We’ve survived three years of this administration, but it has done damage to both the country’s reputation and our community.  And if you feel that way, 2020 is your year to correct that path.

Christmas lights used to be wired in such a way that if one lightbulb on the string perished, the whole chain would fail to light up. You had to go light by light trying to find the one with the filament that had given up the ghost.

Transphobia, like homophobia, both use the suffice “-phobia,” and while many people might believe it means “fear,” it truly means “aversion” in this case. It’s the same principle found in “hydrophobic surfaces,” called such because of an ability to repel water.

On Nov. 20, transgender and nonbinary people — and our allies — across the world come together to honor those murdered due to anti-trans violence. This year marks the 20th since a group of people in San Francisco and another group in Boston decided to take to their respective streets, launching the Transgender Day of Remembrance.

In 2008, a woman named Jenna Karvunidis sliced open a cake, revealing pink frosting within the layers. With her, the “gender reveal party” entered the popular lexicon. A decade or so later, the gender reveal has gone a long way from those humble beginnings.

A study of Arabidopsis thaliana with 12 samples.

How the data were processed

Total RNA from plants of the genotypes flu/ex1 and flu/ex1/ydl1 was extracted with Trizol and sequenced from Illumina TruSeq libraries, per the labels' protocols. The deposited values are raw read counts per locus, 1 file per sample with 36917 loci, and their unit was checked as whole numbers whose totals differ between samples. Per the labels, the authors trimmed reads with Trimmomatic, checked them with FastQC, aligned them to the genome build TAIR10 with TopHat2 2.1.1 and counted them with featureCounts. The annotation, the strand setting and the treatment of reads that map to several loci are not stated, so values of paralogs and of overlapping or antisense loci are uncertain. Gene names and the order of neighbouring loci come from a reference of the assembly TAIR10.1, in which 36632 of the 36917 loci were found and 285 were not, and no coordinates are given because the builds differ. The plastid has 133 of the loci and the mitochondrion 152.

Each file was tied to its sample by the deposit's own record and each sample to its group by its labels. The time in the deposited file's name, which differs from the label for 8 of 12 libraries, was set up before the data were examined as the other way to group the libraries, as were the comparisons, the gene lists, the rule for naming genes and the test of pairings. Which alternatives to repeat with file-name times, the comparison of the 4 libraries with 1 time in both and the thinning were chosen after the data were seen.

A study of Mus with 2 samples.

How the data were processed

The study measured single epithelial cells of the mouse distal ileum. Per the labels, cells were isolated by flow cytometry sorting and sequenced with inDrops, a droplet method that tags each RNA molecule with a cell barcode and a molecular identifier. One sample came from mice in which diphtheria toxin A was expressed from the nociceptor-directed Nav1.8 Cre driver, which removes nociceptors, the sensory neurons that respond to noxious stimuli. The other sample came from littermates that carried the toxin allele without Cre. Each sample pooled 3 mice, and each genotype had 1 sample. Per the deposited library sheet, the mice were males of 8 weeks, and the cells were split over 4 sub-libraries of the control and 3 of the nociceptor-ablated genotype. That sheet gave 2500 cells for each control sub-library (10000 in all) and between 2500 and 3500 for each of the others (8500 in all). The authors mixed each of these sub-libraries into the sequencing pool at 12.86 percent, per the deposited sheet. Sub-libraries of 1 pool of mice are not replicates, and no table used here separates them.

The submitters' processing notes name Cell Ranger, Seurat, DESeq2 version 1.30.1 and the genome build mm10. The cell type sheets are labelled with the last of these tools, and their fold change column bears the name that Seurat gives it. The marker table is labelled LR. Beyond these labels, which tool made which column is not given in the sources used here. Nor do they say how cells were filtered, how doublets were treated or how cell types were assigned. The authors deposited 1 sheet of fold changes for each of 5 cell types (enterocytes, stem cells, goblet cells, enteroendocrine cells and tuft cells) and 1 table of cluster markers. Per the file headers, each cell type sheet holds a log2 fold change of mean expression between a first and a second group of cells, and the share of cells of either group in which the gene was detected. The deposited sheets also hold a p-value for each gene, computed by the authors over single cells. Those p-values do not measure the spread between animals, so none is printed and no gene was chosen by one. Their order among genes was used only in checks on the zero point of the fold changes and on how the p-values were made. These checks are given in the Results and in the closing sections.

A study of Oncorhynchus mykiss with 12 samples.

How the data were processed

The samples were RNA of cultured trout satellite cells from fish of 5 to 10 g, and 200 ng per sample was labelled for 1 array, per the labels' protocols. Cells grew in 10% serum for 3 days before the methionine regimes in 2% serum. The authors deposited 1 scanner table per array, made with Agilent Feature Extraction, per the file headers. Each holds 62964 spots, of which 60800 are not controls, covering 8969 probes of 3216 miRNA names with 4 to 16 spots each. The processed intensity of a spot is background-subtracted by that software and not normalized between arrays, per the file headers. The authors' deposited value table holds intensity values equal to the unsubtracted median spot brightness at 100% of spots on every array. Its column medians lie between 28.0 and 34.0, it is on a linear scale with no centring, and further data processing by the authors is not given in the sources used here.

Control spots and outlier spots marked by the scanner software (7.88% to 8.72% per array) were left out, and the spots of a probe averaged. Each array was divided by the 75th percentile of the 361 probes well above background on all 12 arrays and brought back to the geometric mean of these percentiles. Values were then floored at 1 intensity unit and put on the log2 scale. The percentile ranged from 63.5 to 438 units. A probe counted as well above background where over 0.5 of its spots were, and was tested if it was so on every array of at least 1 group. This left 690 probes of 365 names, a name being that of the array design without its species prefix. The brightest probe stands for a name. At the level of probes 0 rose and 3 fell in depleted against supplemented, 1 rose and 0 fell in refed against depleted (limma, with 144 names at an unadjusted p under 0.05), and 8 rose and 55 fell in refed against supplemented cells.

Hallowe’en is a time of magic and mystery. It once served as the end of harvest season, when autumn gave way to the dark and dim days of winter. In that liminal space between the seasons, Hallowe’en marked a moment that pierced the veil between this world and another, between life and death itself.

“Do I contradict myself?

Very well then I contradict myself,

(I am large, I contain multitudes.)”

— Walt Whitman “Song of Myself.”

Every week, via email, I receive dozens of story pitches.

Some are quite good, connecting me with engaging people and interesting stories that I might otherwise have missed. Most, however, are pretty useless to me in the overall scheme of things. A lot only tangentially relate to topics I write about or are blatant product pitches.

I have always been intrigued by history. I love to look at how things came together over time and how advances in knowledge, technology and society — for both good and ill— helped shape the world we live in today.

Being transgender makes me keen on transgender history. The stories of pharaohs and emperors who may well have been trans, for example, shed light on just how many centuries a transgender presence has existed in the world.